What are we handing down?


“You ain’t no better than anyone else, and there ain’t no one else any better than you.”

I heard that several times from my father growing up. I know that’s incorrect usage of the English language, but he got his message across. It’s hard to remember the specific incidences where and why he said it. (That was many years ago. It’s getting harder to even remember things that happened last week.) Probably I was talking about someone in a way I shouldn’t have, or maybe someone had said something they shouldn’t about me. Whatever the case, Daddy had a specific point to make. You don’t look down on the people around you, but you don’t let yourself feel intimidated by anyone, either.

Those were not just words from my father, L.F. McPhail. It showed in the way he treated others around him. I grew up on the farm at a time when they didn’t have all the automatic machinery that is used today. Farming back then was very labor intensive. Many African-Americans helped on the farm, especially during tobacco barning time. I never heard Daddy belittle anyone because of their race. Now if he thought you weren’t doing your job, you would hear from him. We all, especially me, would hear from him. But his response would be based on what you were doing, or not doing, not who you were, or the color of your skin.

I also saw how he lived out what he believed. I can remember him helping out people in his community financially, and with his time, in their time of need, no matter what the race. A few years ago, Daddy told me about when I was real young, Aunt Lona had given him fifty dollars for Christmas. Back then, around 1960, fifty dollars was quite a sum. He told me that we really needed the money to help with our Christmas that year. But a minority family in the community had just lost their home in a fire. So he went and gave them the money. “It was hard,” Daddy told me. “We really could have used the money. But they needed it more.”

I was reminded of that last Fall while working during early voting at Roseboro. Several African-Americans, who were voting, mentioned to me how they missed my Daddy, and shared how much they thought of him when he was alive. They knew he meant it when he said, “You ain’t no better than anyone else, and there ain’t no one else any better than you.”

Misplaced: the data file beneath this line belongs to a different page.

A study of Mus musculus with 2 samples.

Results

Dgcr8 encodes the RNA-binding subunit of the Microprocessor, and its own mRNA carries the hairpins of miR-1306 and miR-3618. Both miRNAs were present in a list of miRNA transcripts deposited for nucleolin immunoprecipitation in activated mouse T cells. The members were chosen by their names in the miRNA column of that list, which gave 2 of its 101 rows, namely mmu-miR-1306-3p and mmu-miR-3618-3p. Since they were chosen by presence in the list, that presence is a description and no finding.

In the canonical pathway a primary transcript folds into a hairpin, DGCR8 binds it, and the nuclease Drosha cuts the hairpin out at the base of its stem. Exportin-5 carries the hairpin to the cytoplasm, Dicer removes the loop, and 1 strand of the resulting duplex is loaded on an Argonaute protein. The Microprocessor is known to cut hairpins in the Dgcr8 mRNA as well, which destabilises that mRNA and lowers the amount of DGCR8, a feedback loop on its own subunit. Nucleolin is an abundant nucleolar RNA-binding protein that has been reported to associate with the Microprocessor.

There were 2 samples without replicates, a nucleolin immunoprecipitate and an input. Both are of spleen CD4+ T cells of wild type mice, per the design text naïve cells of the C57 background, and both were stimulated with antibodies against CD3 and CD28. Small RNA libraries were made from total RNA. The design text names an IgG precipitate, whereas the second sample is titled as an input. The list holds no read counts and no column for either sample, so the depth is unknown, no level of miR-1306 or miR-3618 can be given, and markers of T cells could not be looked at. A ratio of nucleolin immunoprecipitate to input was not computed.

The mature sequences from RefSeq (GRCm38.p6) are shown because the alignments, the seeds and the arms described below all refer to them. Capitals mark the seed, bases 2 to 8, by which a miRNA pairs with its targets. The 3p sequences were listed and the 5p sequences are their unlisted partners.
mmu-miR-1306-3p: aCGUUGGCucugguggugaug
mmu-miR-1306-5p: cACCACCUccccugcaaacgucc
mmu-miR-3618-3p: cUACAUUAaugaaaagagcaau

Two events during the past week brought all of this to my mind. The first was, of course, Father’s Day. Then, there was the tragic murders of nine African-Americans by the racist, Dylan Roof, at the church in Charleston. How could this white, punk racist think that he was any better than these fine people that he killed in cold blood, just because they were black? And it happened at a church, where they had welcomed him into their Bible study! The response of the families of the murdered, the church and the Charleston community, showing forgiveness, only emphasizes how misguided Roof is.

I heard people blame the devil for what happened that Wednesday night in Charleston. And ultimately, it is true the tragedy was the result of Satan’s work in a fallen world. But that can be an abstract excuse that we can use inorder to remove individual responsibility.

Back to my father. L.F. McPhail was not perfect. He didn’t always use the politically correct language that is so often used as a measuring stick in today’s society. And some of his opinions about race were based on the culture and the times in which he was raised. (Over the years, I saw his language and his opinions changing.) But I saw how he treated people around him with respect, no matter who or what they were. And isn’t how you actually treat people the important thing?

I heard in a sermon last weekend that what is not healed gets handed down. There will always be some cultural differences and personal preferences. That’s OK, because that is what makes us unique. But that is no excuse for racism, and for not doing what we should to eliminate it. It’s time to quit handing it down.

Why did Dylan Roof think that he was justified in killing those good people? Because somewhere along the way he heard it and accepted it. Was there not anyone in his life to tell him, “You ain’t no better than anyone else, and there ain’t anyone any better than you?”